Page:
Nursing homes need to be regulated

Prof Dr Tengku Aizan (centre) visiting the Kinta Medical Centre in Ipoh to check on healthcare for the elderly at the centre.

Prof Dr Tengku Aizan (centre) visiting the Kinta Medical Centre in Ipoh to check on healthcare for the elderly at the centre.

UNREGISTERED nursing homes employing foreign workers to care for the elderly pose a dilemma to the government as it is hard to regulate the quality of care provided.

Prof Dr Tengku Aizan Hamid, who is the director of Universiti Putra Malaysia (UPM) Institute of Gerontology, said operators of such homes see the strict requirements stipulated under the Care Centre Act 1993 as a deterrent.

“They are approaching this notion of elderly care from a business perspective only.

“There is a need for them to register to follow the standards required because it is our job to make sure that their residents are getting the best kind of care.

“Instead, they are hiring untrained foreign workers, who are being paid a maid’s salary, to care for the old,” she told journalists at a media roundtable on ageing titled “Age Inclusiveness and Supportive Environments” in a hotel here, recently.

Tengku Aizan said, so far, official records in the Health Ministry only show that 268 nursing homes in the country are registered, compared with some 1,000 that are operating unlicensed.

“It is a real dilemma because if we decide to take action and shut down the unregistered homes, where are we going to place the people who are currently under their care?

“As of now, there is no law that requires nursing homes to hire trained individuals to care for the elderly, but the government is currently drafting regulations to ensure their care and protection.

“It is about time that new regulations are developed as the increasing number of older people in the country requires a rethinking of health and social-care provisions,” she said.

Earlier during a question-and-answer session, Tengku Aizan said it was also difficult for her research team in UPM to gather information from these homes to study and establish the quality of training required.

“When we are at their doors, they won’t entertain us. But it is not like we are penalising them.

“How can we achieve quality standards when we can’t gain access to these homes? We really need their cooperation, so that we can establish national standards for aged care.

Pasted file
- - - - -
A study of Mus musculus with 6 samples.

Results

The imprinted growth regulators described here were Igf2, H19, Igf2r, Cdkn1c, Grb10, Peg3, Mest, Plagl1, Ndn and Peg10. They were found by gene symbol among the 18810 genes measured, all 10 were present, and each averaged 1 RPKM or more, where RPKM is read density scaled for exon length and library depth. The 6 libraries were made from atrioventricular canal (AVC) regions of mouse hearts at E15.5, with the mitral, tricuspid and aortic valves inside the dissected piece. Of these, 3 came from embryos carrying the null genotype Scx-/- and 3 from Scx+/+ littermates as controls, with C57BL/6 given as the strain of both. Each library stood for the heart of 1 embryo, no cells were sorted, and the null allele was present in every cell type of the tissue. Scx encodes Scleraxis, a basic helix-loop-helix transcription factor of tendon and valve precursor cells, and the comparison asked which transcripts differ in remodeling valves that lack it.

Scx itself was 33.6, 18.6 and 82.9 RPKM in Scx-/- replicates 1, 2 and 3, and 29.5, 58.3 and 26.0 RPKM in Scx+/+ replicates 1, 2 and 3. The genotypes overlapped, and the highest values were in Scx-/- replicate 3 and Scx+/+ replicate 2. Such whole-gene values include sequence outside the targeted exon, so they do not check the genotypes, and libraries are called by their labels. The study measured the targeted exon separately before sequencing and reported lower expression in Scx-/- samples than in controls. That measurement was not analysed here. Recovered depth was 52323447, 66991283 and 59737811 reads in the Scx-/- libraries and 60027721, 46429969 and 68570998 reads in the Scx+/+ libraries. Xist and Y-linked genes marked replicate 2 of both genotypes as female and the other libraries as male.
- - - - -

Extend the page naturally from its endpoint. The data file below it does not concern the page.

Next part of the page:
“Of course, one could argue that we could always study based on standards provided in the United States or the United Kingdom, but what is available there may not necessarily fit our values and economic development,” she said.

In addition to this, Dementia Society of Perak Chairman Dr Esther G. Ebenezer, who was also present, said it is also crucial for Social Welfare Department officers to make surprise visits to the nursing homes, regardless of their registration status.

“In Australia for example, welfare officers can at any time check on the homes to make sure that they are operating according to the regulations,” she said.

With Malaysia expected to become an aged nation by 2030, Tengku Aizan said, it is important for senior citizens to engage in meaningful activities as a way to age actively.

“Retirement doesn’t mean that they must lead a sedentary lifestyle. It is time for them get active and do something for themselves in comparison to their time at work when almost everything was done for the sake of their bosses.

“By doing activities that are meaningful to them, like gardening and cleaning public places, it boosts their ego and at the same time, it makes them healthier,” she said, adding that it is also important for the elderly to exercise, eat good food, have enough sleep and stop worrying too much.

UPM deputy vice-chancellor Prof Datuk Dr Mad Nasir Shamsudin was present to open the roundtable session.

Also present at the panel to give their statements and remarks were Health Ministry Family Health Development Division Chief Dr Mohamad Salleh and National Council of Senior Citizens Organisations President Datuk Dr Soon Ting Kueh.